New York City Mayor Bill de Blasio on Tuesday continued to push the state to approve a plan to shutter nonessential businesses in neighborhoods seeing surges in Covid-19 cases, an added measure to help the city avert a second wave.
The plan would close business in nine ZIP Codes in southern Brooklyn and Queens. The decision on closures is ultimately up to the state, and New York Gov. Andrew Cuomo said Monday that ZIP Codes are a flawed way to draw boundaries on closures. Mr. de Blasio said at a press conference that the city will work with whatever model the state chooses.
“The facts on the ground make clear that we need restrictions,” said Mr. de Blasio. “We need something stronger and we need it quickly.”
City officials asked the state on Sunday to close schools and nonessential businesses by Wednesday. Mr. Cuomo on Monday agreed only to the closure of about 300 public and private schools in the hot-spot areas.
The schools closed on Tuesday. They will remain shut for at least two weeks, said Mr. de Blasio, but may remain closed for four. He said it is possible for residents in the area to turn the tide on the positivity rates, but it requires total participation.
“If we do it wrong, it keeps spreading into surrounding ZIP Codes,” the mayor said.
Mr. Cuomo said Monday that schools are a place where the disease transmits easily, whereas small businesses, like the kind in the affected areas, aren’t major places of transmission. Mr. de Blasio said data reviewed from 1,600 public schools, with targeted testing, shows there is “a low level of coronavirus activity” and schools are a particularly safe location.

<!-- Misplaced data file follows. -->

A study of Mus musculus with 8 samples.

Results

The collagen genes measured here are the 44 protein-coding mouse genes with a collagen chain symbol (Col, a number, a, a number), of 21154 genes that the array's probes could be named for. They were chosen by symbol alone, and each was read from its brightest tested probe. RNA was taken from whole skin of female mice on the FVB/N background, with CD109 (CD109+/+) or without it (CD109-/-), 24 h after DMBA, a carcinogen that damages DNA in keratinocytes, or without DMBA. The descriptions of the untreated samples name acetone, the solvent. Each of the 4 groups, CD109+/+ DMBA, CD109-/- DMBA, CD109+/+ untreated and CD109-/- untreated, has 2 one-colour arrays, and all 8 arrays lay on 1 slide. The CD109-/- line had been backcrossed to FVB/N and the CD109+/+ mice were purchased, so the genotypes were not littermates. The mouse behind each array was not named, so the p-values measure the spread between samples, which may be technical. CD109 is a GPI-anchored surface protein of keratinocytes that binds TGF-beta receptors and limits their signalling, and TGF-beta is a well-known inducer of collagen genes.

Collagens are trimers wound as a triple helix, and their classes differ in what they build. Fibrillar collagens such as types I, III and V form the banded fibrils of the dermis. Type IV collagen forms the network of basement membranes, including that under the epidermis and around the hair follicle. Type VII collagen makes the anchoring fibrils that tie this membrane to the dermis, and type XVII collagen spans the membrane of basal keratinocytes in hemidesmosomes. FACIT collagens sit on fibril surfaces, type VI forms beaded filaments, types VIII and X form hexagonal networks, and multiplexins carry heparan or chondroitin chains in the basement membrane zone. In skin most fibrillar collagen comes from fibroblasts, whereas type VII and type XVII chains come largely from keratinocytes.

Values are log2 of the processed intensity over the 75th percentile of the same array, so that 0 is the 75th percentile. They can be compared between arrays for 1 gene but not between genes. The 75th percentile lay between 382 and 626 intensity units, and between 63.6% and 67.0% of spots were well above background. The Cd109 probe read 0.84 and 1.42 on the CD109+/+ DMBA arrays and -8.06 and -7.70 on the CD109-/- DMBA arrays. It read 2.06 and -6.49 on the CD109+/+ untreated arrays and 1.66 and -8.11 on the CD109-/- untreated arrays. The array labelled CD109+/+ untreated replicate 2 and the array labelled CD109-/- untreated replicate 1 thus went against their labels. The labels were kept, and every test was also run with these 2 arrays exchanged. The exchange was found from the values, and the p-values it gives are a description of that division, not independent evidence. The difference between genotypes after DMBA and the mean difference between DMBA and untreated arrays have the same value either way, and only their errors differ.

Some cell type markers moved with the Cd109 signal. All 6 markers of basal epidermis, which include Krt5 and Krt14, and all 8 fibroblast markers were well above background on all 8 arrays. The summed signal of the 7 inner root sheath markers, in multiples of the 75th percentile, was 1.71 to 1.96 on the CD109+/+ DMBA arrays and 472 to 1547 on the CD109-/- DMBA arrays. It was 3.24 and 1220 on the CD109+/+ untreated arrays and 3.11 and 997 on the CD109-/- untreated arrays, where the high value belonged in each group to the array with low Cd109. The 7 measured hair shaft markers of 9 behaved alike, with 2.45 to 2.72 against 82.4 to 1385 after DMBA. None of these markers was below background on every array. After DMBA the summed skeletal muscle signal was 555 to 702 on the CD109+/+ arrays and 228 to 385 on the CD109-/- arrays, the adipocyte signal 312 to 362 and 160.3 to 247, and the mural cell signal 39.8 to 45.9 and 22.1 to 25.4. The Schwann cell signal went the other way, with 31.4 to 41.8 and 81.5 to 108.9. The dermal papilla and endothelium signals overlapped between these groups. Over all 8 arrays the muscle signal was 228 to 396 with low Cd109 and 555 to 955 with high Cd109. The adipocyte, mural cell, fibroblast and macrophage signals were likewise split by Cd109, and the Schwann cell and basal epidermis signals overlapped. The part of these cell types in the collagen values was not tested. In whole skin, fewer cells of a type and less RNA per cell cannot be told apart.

Mr. Cuomo has called for more enforcement of public-safety measures at businesses and religious gatherings in Brooklyn and Queens, and said state officials will supervise those enforcement activities. Mr. Cuomo also asked for a closer review of the nine hot-spot ZIP Codes as a way to better determine which areas should be shut down.
Dave A. Chokshi, the city’s health commissioner, said at Tuesday’s press conference that ZIP Codes remain the best geographic way to set boundaries, and the city needs to move quickly. “The plans that we have proposed to the state are meant to be able to be brought into action as quickly as possible,” he said.
The transmission rate of Covid-19 in New York City remains low, at 1.65% over an average of seven days. In the hot-spot neighborhoods, the rate of people testing positive for the disease has been above 3% for seven consecutive days, Mr. de Blasio said.
Thirteen communities adjacent to the nine hot-spot areas are also seeing increased rates of positivity, the mayor said. He called those “second tier” areas and said they were at risk of going above a 3% positivity rate.
The number of people testing positive since mid-September has been on the rise, with the most-recent seven-day average hitting 501 people. A city threshold for new coronavirus cases is 550, an indicator that was set months ago as part of measures rolled out for the reopening of the city in June.
A spokesman for the city’s health department said multiple indicators are used to monitor whether additional action must be taken, “but we have not used that single 550 metric as a threshold for decision-making. That said, the data has spurred our proposed action in the nine neighborhoods of concern.”